Human and Environmental Impacts
Mounting evidence has revealed that the oil and gas industry’s use of hydraulic fracturing could have an adverse impact on human and environmental health. Over the past two decades, hydraulic fracturing —or “fracking”— has dramatically transformed the global energy landscape and has contributed to a fossil fuel revolution in the United States. Since 2014, fracking has accounted for the vast majority of new oil and natural gas wells developed in the U.S., surpassing all other industry drilling techniques (Denchak, 2019). Through a process that involves pumping water, chemicals, and a granular material down an oil or gas well under high pressure, fracking breaks open bedrock and shale to allow for the extraction of hard-to-reach oil and natural gas. The injection of water and chemicals deep underground is where the possibility of groundwater contamination could occur.
Fracking first became standard in the oil and gas industry in the 1940s. Of the nearly one million U.S. wells that were hydraulically fractured between 1940 and 2014, over one-third were drilled after 2000 (Denchak, 2019). Technological advancements like the development of horizontal drilling and rising global fossil fuel prices have upended the fracking industry. The paring of horizontal drilling with fracking has helped to enable the oil and gas industry to thrive in the U.S.
Industry in the Spotlight
While fracking has been around for decades, the controversy surrounding it has only recently entered the spotlight. After movies like Gasland and FrackNation were released in the mid-2000s, anti-fracking activists started to raise concerns about potential impacts on water quality. In 2015, following the rise in anti-fracking sentiment, the Environmental Protection Agency (EPA) released the results of a study that revealed that there was no evidence that fracking has led to widespread impacts on water quality. However, the EPA released a follow-up report in 2016 that highlighted how fracking could have an impact on drinking water resources under some circumstances (Rapier, 2016). Since the release of the EPA’s second report, health advocates and environmentalists have been leading the charge for new regulations against the fracking industry.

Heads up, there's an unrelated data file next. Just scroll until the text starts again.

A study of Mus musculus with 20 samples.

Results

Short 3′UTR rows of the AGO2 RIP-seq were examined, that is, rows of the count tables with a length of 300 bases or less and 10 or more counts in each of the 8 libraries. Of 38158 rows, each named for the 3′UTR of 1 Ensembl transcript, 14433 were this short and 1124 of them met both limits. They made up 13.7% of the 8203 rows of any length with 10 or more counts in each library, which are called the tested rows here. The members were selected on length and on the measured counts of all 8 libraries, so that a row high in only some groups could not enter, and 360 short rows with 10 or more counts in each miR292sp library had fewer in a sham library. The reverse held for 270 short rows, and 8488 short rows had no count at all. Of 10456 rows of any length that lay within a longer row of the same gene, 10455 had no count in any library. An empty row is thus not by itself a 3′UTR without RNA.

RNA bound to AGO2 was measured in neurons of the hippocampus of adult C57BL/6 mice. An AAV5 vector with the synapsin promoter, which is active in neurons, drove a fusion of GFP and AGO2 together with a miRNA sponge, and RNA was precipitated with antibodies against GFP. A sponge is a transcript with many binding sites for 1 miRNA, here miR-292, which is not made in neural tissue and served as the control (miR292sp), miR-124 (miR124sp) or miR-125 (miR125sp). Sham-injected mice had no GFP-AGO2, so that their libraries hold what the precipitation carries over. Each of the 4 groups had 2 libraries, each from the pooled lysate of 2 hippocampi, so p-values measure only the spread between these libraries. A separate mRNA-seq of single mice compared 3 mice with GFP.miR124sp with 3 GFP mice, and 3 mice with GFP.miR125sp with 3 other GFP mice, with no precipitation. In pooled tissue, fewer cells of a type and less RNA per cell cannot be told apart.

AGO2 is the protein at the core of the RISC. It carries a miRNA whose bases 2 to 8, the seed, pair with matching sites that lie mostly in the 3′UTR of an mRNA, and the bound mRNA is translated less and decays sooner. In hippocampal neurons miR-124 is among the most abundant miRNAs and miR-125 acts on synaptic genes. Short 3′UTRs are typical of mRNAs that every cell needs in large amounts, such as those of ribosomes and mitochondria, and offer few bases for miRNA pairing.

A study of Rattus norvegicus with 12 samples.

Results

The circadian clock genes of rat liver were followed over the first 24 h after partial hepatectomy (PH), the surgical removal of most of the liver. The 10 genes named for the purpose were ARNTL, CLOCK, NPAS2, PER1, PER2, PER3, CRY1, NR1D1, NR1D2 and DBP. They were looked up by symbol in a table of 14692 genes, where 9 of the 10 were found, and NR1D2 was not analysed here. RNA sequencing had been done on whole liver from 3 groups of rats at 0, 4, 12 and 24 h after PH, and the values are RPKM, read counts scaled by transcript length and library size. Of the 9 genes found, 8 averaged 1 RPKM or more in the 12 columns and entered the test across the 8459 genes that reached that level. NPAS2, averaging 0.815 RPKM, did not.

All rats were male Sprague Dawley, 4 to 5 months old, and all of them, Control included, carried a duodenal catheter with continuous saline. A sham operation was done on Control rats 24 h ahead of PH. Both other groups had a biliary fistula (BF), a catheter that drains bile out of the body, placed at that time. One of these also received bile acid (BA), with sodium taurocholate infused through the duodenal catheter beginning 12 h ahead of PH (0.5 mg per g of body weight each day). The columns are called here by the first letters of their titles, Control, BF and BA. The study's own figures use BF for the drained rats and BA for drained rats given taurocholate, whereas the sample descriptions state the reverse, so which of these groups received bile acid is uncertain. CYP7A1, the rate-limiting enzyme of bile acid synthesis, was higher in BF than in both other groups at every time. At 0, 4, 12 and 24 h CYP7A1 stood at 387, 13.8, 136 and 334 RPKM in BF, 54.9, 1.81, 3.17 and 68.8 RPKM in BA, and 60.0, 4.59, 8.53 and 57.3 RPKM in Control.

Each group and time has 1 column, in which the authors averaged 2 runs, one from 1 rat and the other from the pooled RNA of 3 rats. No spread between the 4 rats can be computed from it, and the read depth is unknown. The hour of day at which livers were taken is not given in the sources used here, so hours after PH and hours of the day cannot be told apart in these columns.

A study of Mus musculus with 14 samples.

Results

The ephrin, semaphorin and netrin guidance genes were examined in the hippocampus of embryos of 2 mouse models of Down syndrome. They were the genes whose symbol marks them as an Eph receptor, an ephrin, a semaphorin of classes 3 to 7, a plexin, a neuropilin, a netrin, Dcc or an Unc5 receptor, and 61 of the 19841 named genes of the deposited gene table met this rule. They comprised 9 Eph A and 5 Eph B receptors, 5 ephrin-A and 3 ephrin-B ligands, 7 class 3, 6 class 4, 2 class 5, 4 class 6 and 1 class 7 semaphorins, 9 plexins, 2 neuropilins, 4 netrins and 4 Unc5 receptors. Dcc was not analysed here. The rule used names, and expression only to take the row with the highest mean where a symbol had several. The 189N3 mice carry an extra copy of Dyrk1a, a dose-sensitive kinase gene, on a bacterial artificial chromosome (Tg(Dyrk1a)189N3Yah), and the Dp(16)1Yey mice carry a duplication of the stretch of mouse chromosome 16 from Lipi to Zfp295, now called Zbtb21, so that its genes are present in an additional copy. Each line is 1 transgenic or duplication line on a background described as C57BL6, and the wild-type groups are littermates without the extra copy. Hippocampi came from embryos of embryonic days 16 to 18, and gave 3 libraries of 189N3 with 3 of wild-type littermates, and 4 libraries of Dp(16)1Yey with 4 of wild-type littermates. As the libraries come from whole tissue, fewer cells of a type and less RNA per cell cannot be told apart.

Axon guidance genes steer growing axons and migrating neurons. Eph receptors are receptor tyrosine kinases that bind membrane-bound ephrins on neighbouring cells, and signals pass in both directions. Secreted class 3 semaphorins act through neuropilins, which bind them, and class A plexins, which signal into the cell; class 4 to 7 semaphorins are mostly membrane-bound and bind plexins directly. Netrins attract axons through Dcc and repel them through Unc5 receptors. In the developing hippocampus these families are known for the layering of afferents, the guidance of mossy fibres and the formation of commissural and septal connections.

Spills and Contamination
On average, over five million gallons of water are used for each fracking well (American Chemical Society, 2018). Problems have occurred when water is pumped deep underground and subsequently migrates back to the surface along with chemicals and heavy metals. Between 2006 and 2012, the EPA has reported that 151 spills of fracking fluids have occurred, with nearly ten percent of spills resulting in direct runoff pollution to rivers or other bodies of water (Denchak, 2019). Professionals within the oil and gas industry reiterate that spills are rare, and the typical fracking process involves injecting water and chemicals over a mile beneath the earth, which is much deeper than freshwater aquifers (Harrabin, 2016).
The fracking boom is primarily credited with helping to make the United States one of the world’s top producers of natural gas and crude oil—a trend that is likely to continue as fracking becomes more efficient (Denchak, 2019). However, some states like New York, Maryland, and Vermont have banned fracking altogether, noting adverse impacts to public health and the environment. While troubling evidence continues to show that fracking has impacted water quality, policies and regulations like the Underground Injection Control Program and the Safe Drinking Water Act are being revaluated to ensure that there is adequate oversight of the fracking industry.
American Chemical Society. (2018). “Potential impact of hydraulic fracturing on streams, downstream recreation, drinking water.” ScienceDaily.
Denchak, M. (2019). “Fracking 101.” NRDC.
Harrabin, R. (2016). “Does fracking affect the water supply?” BBC.
Rapier, R. (2016). “No, The EPA Has Not Actually Changed Its Conclusion On Risks Of Fracking To Drinking Water.” Forbes.